King Lear - Theme of Blindness


In Shakespearean terms, blinds means a whole different thing. 
Blindness can normally be defined as the inability of the eye to see, 
but according to Shakespeare, blindness is not a physical quality, 
but a mental flaw some people possess. Shakespeare's most dominant 
theme in his play King Lear is that of blindness. King Lear, 
Gloucester, and Albany are three prime examples Shakespeare 
incorporates this theme into. Each of these character's blindness was 
the primary cause of the bad decisions they made; decisions which all 
of them would eventually come to regret.

 The blindest bat of all was undoubtedly King Lear. Because of 
Lear's high position in society, he was supposed to be able to 
distinguish the good from the bad; unfortunately, his lack of sight 
prevented him to do so. Lear's first act of blindness came at the 
beginning of the play. First, he was easily deceived by his two eldest 
daughters' lies, then, he was unable to see the reality of Cordelia's 
true love for him, and as a result, banished her from his kingdom with 
the following words:

"..................................for we
Have no such daughter, nor shall ever see
That face of her again. Therefore be gone
Without our grace, our love, our benison." 
(Act I, Sc I, Ln 265-267)

Lear's blindness also caused him to banish one of his loyal followers, 
Kent. Kent was able to see Cordelia's true love for her father, and 
tried to protect her from her blind father's irrationality. After 
Kent was banished, he created a disguise for himself and was 
eventually hired by Lear as a servant. Lear's inability to determine 
his servant's true identity proved once again how blind Lear actually 
was. As the play progressed, Lear's eyesight reached closer to 20/20 
vision. He realized how wicked his two eldest daughters really were 
after they locked him out of the castle during a tremendous storm. 
More importantly, Lear saw through Cordelia's lack of flatterings and 
realized that her love for him was so great that she couldn't express 
it into words. Unfortunately, Lear's blindness ended up costing 
Cordelia her life and consequently the life of himself.

 Gloucester was another example of a character who suffered 
from an awful case of blindness. Gloucester's blindness denied him of 
the ability to see the goodness of Edgar and the evil of Edmund. 
Although Edgar was the good and loving son, Gloucester all but 
disowned him. He wanted to kill the son that would later save his 
life. Gloucester's blindness began when Edmund convinced him by the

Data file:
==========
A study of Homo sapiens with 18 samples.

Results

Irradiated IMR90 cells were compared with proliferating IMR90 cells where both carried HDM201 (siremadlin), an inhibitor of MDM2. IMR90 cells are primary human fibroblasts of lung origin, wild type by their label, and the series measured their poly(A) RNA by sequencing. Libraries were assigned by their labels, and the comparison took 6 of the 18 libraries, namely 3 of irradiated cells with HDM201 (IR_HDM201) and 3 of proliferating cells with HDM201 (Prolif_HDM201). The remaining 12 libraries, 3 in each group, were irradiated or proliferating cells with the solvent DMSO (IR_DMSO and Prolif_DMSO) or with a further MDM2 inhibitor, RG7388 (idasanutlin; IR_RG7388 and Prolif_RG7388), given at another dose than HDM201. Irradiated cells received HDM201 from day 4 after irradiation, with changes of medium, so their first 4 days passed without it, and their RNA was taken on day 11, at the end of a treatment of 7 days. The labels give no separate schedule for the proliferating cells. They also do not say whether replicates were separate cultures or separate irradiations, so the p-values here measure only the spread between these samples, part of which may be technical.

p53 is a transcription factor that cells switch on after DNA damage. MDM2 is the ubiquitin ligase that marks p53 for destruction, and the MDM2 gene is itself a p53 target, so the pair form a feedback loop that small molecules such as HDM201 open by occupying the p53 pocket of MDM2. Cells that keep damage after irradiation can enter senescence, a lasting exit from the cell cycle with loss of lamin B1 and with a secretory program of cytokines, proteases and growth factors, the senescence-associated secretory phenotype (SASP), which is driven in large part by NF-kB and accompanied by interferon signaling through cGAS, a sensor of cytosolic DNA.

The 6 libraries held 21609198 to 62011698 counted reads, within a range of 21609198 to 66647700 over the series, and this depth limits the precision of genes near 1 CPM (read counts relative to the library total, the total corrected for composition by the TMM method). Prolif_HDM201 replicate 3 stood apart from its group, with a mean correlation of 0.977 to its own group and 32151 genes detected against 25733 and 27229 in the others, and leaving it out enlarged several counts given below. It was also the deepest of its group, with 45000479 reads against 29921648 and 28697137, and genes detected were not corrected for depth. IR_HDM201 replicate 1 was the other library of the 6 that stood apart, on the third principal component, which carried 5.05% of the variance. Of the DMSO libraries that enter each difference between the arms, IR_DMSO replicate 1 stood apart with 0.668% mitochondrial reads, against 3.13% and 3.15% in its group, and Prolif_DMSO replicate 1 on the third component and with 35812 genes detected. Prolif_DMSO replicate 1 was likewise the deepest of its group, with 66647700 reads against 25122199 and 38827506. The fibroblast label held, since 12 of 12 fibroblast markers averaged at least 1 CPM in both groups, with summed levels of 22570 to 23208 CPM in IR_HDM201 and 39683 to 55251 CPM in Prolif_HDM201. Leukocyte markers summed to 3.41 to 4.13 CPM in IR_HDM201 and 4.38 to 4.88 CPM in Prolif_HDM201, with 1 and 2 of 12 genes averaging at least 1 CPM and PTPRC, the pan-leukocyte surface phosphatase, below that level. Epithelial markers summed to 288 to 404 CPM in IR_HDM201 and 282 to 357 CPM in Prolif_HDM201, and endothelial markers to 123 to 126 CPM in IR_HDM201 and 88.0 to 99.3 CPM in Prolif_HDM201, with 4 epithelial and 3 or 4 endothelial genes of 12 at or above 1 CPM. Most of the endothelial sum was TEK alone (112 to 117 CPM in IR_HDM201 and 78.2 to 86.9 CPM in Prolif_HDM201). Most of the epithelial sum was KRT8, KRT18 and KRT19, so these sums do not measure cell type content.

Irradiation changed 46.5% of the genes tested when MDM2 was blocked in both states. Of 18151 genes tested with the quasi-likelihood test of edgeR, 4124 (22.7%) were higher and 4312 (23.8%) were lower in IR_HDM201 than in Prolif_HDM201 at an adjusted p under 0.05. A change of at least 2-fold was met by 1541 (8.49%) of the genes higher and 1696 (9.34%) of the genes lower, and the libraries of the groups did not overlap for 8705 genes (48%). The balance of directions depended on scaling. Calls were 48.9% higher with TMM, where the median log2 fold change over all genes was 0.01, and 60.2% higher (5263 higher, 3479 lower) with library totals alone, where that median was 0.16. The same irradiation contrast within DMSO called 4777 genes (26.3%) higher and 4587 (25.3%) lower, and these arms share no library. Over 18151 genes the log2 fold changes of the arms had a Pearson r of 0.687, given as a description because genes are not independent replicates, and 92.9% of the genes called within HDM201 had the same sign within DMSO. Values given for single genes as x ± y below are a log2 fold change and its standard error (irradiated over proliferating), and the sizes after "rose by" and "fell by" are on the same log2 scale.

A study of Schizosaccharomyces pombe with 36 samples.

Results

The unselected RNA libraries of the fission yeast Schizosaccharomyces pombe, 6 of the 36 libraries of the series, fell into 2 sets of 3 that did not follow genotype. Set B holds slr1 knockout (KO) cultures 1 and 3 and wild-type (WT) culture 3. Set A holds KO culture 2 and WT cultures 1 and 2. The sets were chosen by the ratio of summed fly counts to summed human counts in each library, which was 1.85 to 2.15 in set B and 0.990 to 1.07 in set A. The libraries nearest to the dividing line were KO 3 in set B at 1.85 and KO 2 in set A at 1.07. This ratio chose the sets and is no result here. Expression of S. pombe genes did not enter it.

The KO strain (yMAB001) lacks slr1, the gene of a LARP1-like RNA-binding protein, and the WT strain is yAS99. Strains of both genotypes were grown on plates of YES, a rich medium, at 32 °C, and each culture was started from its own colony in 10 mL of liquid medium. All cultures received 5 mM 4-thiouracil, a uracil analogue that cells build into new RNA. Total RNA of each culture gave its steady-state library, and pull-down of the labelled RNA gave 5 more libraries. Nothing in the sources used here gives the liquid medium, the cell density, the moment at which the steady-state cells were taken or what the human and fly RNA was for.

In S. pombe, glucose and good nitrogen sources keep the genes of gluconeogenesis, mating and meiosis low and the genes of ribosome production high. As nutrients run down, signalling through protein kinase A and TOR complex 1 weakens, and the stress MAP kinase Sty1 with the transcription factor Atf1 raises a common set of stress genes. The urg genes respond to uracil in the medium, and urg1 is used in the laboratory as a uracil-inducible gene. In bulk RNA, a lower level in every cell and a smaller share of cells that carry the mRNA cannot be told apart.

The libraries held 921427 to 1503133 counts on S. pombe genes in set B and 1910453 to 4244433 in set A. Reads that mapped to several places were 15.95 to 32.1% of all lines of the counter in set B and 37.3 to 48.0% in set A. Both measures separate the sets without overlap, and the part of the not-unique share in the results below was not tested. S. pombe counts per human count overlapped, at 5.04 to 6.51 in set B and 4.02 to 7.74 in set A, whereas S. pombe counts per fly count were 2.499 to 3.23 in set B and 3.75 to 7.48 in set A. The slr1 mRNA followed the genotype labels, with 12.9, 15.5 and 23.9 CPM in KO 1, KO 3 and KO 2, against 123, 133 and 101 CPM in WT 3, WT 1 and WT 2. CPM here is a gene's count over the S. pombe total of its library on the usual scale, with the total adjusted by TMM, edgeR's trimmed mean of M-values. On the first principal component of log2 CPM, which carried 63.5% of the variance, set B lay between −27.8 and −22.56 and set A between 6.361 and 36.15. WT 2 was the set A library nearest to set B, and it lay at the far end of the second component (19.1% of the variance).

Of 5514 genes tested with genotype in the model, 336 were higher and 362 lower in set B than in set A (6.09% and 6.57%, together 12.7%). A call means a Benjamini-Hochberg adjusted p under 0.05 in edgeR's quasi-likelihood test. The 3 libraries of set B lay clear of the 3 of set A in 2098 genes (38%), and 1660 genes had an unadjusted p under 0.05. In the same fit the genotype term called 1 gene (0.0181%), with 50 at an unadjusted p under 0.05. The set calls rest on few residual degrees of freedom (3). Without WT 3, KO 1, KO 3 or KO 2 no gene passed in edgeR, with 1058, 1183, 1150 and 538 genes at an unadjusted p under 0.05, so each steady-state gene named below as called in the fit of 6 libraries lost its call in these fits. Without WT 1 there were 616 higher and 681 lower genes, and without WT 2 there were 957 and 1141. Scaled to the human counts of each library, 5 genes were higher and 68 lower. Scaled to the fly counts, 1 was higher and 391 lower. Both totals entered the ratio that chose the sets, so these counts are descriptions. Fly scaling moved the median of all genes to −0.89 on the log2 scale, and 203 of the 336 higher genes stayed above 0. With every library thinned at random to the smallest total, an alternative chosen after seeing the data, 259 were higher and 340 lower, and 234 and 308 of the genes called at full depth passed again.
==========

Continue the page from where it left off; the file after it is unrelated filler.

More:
means of a forged letter that Edgar was plotting to kill him. 
Gloucester's lack of sight caused him to believe Edmund was the good 
son and prevented him from pondering the idea of Edmund being after 
his earldom. Near the end of the play, Gloucester finally regained 
his sight and realized that Edgar saved his life disguised as Poor Tom 
and loved him all along. He realized that Edmund planned to take over 
the earldom and that he was the evil son of the two. Gloucester's 
famous line: "I stumbled when I saw" (Act IV, Sc I, Ln 20-21) was 
ironic. His inability to see the realities of his sons occurred when 
he had his physical sight but was mentally blind; but his ability to 
see the true nature of his sons occurred after having his eyes plucked 
out by the Duke of Cornwall. Fortunately, the consequences of 
Gloucester's blindness throughout the play was minimal, after all, he 
was the only one to die as a result of his tragic flaw. 

 Albany was another character suffering from the classic case 
of blindness, but luckily for him, he survived his battle. Albany's 
case of blindness was purely a result of the love he had for Goneril. 
 Although he disapproved of Goneril's actions, he would only mildly 
argue his case. When Goneril forced Lear to reduce his army so that 
he could stay in their castle, Albany protested:

" I cannot be so partial, Goneril,
 To the great love I bear You -"
 (Act I, Sc IV, Ln 309-310)

Albany's deep devotion to Goneril blinded him from the evil she 
possessed. His inability to realize how greedy and mean Goneril was 
after she flattered Lear with a bunch of lies and then kicked him out 
of their home, just goes to show you how much Albany loved Goneril. 
Albany was also blind to the fact that Goneril was cheating on him and 
that she was plotting to kill him. Fortunately, Edgar came across a 
cure for Albany's blindness. A note outlining Goneril's evil plans 
was all Albany needed to see. Finally, Albany recognized what a devil 
he was married to and for once let out his emotions when he said:

"O Goneril,
You are not worth the dust which the rude wind
Blows in your face!" 
(Act IV, Sc II, Ln 29-31)

Unlike Lear and Gloucester, Albany didn't suffer much during his bout 
with blindness. Not only did he survive his battle, but he lived to 
remain the ruler of what was once Lear's kingdom.